Both Bill and Rob Samuels said customer reaction was immediate. Company officials heard from "thousands and thousands of consumers" that a bourbon shortage was preferable to a change in how the spirits were made, Bill Samuels said.
"They would rather put up with the occasional supply shortage than put up with any change in their hand-made bourbon," Rob Samuels said.
The change in alcohol volume called for the recipe and process to stay the same, except for a "touch more water" to be added when the whiskey comes out of the barrel for bottling, Rob Samuels said.
When production restarts Monday, those plans are off the table, Bill Samuels said.
"We really made this decision after an enormous amount of thought, and we focused on the wrong things," Bill Samuels said.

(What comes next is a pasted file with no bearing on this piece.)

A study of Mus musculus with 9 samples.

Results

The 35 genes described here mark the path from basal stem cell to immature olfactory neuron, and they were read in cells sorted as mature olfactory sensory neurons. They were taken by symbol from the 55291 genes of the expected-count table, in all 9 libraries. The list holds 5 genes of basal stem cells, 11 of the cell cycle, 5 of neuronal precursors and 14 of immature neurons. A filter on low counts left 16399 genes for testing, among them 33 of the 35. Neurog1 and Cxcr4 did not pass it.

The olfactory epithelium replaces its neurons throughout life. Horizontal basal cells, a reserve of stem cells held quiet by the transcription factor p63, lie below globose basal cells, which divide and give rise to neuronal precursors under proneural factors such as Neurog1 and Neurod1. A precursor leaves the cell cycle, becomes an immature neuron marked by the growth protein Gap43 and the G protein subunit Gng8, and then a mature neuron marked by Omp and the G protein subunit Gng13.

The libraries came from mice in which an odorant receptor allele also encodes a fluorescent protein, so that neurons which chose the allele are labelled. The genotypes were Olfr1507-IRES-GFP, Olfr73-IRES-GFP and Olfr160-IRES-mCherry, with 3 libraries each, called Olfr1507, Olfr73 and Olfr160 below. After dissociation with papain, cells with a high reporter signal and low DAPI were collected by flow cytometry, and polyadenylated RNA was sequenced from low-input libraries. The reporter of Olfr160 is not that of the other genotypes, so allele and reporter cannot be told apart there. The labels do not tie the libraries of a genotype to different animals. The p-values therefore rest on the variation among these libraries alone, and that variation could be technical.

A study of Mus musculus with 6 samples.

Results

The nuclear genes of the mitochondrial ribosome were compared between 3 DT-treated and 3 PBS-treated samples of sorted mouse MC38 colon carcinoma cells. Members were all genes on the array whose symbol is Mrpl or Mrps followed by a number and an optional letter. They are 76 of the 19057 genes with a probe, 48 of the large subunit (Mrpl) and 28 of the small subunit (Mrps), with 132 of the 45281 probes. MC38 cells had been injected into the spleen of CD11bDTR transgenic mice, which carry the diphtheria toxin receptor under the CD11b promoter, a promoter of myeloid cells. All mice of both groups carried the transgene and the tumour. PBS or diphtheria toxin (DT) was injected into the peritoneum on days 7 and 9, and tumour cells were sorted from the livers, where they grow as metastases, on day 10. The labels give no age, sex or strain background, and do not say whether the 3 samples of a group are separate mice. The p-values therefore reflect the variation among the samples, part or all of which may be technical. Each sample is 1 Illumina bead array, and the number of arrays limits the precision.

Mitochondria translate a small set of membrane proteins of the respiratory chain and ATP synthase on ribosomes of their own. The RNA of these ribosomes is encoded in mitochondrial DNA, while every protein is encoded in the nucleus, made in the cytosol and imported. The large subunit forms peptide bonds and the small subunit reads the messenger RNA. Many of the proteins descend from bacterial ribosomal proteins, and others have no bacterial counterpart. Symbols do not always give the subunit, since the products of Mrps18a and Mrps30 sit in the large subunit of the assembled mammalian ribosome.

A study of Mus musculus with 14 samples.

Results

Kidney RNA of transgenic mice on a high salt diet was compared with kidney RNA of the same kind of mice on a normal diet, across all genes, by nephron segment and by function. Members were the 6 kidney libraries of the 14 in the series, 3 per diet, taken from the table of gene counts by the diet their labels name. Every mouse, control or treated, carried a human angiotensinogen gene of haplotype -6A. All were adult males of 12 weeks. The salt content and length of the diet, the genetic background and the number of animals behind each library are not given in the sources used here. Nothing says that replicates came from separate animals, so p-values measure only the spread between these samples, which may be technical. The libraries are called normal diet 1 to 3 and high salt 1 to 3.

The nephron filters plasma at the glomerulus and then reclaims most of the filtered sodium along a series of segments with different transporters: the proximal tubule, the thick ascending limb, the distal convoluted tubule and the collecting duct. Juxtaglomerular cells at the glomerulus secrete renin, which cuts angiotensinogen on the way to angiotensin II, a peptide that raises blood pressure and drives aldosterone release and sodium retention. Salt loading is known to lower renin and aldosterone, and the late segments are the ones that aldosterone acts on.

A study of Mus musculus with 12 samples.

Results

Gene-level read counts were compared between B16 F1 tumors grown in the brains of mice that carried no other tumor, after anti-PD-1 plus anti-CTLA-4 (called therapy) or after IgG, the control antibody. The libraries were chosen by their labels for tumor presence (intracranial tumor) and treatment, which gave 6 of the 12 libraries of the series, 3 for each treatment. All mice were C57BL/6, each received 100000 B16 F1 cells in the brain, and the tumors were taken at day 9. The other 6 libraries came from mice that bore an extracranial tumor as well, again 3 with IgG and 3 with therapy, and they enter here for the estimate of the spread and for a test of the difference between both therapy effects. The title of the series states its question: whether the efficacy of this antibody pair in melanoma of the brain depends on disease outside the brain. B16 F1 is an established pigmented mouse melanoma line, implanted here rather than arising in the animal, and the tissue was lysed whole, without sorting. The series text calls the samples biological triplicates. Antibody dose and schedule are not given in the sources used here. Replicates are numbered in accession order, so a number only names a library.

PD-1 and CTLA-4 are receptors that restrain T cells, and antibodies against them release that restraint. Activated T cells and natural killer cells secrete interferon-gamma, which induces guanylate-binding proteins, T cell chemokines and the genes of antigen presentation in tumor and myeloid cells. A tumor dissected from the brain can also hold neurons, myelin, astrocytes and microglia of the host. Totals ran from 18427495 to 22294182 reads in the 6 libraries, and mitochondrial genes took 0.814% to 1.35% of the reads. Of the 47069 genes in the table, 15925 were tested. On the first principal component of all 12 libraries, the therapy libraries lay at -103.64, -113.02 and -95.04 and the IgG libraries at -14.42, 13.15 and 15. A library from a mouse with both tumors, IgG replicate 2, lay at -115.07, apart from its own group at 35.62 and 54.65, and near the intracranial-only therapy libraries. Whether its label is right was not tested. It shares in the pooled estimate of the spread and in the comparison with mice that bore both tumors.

Maker's Mark is owned by spirits company Beam Inc., based in Deerfield, Ill. Its other brands include Jim Beam bourbon.
Maker's is made at a distillery near the small town of Loretto, 45 miles south of Louisville.
Its bourbon ages in barrels for at least six summers and no longer than seven years before bottling.
The supply shortage at Maker's comes amid growing demand for Kentucky bourbons in general.
Combined Kentucky bourbon and Tennessee whiskey sales from producers or suppliers to wholesalers rose 5.2 percent to 16.9 million cases last year, according to the Distilled Spirits Council, a national trade association that released figures last week. Revenue shot up 7.3 percent to $2.2 billion, it said. Premium brands, generally made in smaller batches with heftier prices, led sales and revenue gains.
Kentucky produces 95 percent of the world's bourbon supply, according to the Kentucky Distillers' Association. There are 4.9 million bourbon barrels aging in Kentucky, which outnumbers the state's population.